Here’s a question: When Google is faced with a court order compelling the removal of a defamatory webpage from its index, do you think Google should:
- Not remove the link at all, because doing so is sliding down a slippery anti-free-speech slope?
- Remove the link, but only from the national index of the country from which the court order originates? Or,
- Remove the link from every Google index worldwide?
This is the dilemma the Supreme Court of British Columbia had to consider in Niemela v. Malamas, 2015 BCSC 2014 (“Niemela”). The justices’ final decision: Choice B – only remove links from Google.ca, which means the pages can still be included and visible on google.com.
What Does This Ruling Mean For Canadians Who Want To Get Content Removed From Google?
What does this ruling mean in practical terms? Canadians who’ve successfully obtained an online defamation removal order in Canada may need to file another motion, in a U.S. court, to get the material removed from Google’s main index, Google.com. And even then, it may not be a sure thing since Canadian and U.S. defamation laws differ greatly.
Niemela v. Malamas: Online Defamation Case Summary
Negative Online Reviews Posted About Lawyer
In 2012, someone started posting negative online reviews about Vancouver attorney Glenn Niemela. Confident the posts were the work of a former “biker gang” client, Niemela informed the police of the situation but declined to take legal action. By 2014, though, he’d concluded that the reviews were hurting his business and filed a pair of lawsuits in an effort to get the content removed from the Web.
Lawyer Files Lawsuit Against Alleged Defamer and Google
Instead of just suing the suspected culprit, Niemela also filed a claim against Google over the “snippets” the search engine’s algorithm grabs to display in results.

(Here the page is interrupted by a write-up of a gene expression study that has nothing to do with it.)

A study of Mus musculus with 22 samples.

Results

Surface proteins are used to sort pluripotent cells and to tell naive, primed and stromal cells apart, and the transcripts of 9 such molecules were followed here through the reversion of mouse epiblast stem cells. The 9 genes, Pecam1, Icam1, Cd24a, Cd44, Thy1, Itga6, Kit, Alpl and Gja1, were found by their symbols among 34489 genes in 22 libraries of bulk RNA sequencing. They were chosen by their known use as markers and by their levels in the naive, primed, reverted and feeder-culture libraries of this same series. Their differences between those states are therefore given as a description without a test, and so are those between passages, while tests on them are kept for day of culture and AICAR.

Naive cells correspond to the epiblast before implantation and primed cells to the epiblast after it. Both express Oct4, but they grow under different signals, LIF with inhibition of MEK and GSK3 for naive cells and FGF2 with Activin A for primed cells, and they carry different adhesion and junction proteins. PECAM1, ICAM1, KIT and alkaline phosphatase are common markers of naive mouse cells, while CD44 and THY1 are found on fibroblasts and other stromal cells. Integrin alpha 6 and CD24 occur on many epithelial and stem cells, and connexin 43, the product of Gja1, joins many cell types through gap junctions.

In his legal pursuit of the actual defamer, Niemela succeeded. A Canadian court declared the statements on ripoffreport.com and reviewstalk.com defamatory. As a courtesy, the search engine offered to remove the offending pages from its Google.ca index, where 95% of search is done in Canada.
“Remove the links worldwide, Not just in Canada!”
But Niemela wanted more from Google. To secure his good name, he sought removal of the defamatory pages from Google’s worldwide index, especially Google.com. “[A]ny person’s honour, reputation and personal privacy ought [not] to be marginalized or compartmentalized to solely one jurisdiction, being Canada, by solely blocking the offending URLs from google.ca,” Niemela rationalized in his lawsuit.
Court Ruling: Only Remove From Canada’s Search Index
The British Columbian court, however, didn’t think Niemela’s argument satisfied the necessary legal tests. Specifically, the bench didn’t think Niemela demonstrated how his life or career would be irreparably harmed if the contested webpages weren’t de-indexed across all of Google’s properties.
The judges also disagreed with Niemela’s lawsuit against the search giant, in which he argued that search engine text snippets amounted to defamation. But the judges disagreed since Google’s algorithm is a “passive instrument” that does “not authorize the appearance of the snippets on the user’s screen ‘in any meaningful sense’.”
International Internet Law Attorneys
Kelly Warner’s online defamation lawyers frequently work with clients in Canada and enjoy professional relationships with attorneys in British Columbia, Quebec, Alberta and Ontario. Solving cross-border Internet law cases is one of our strengths.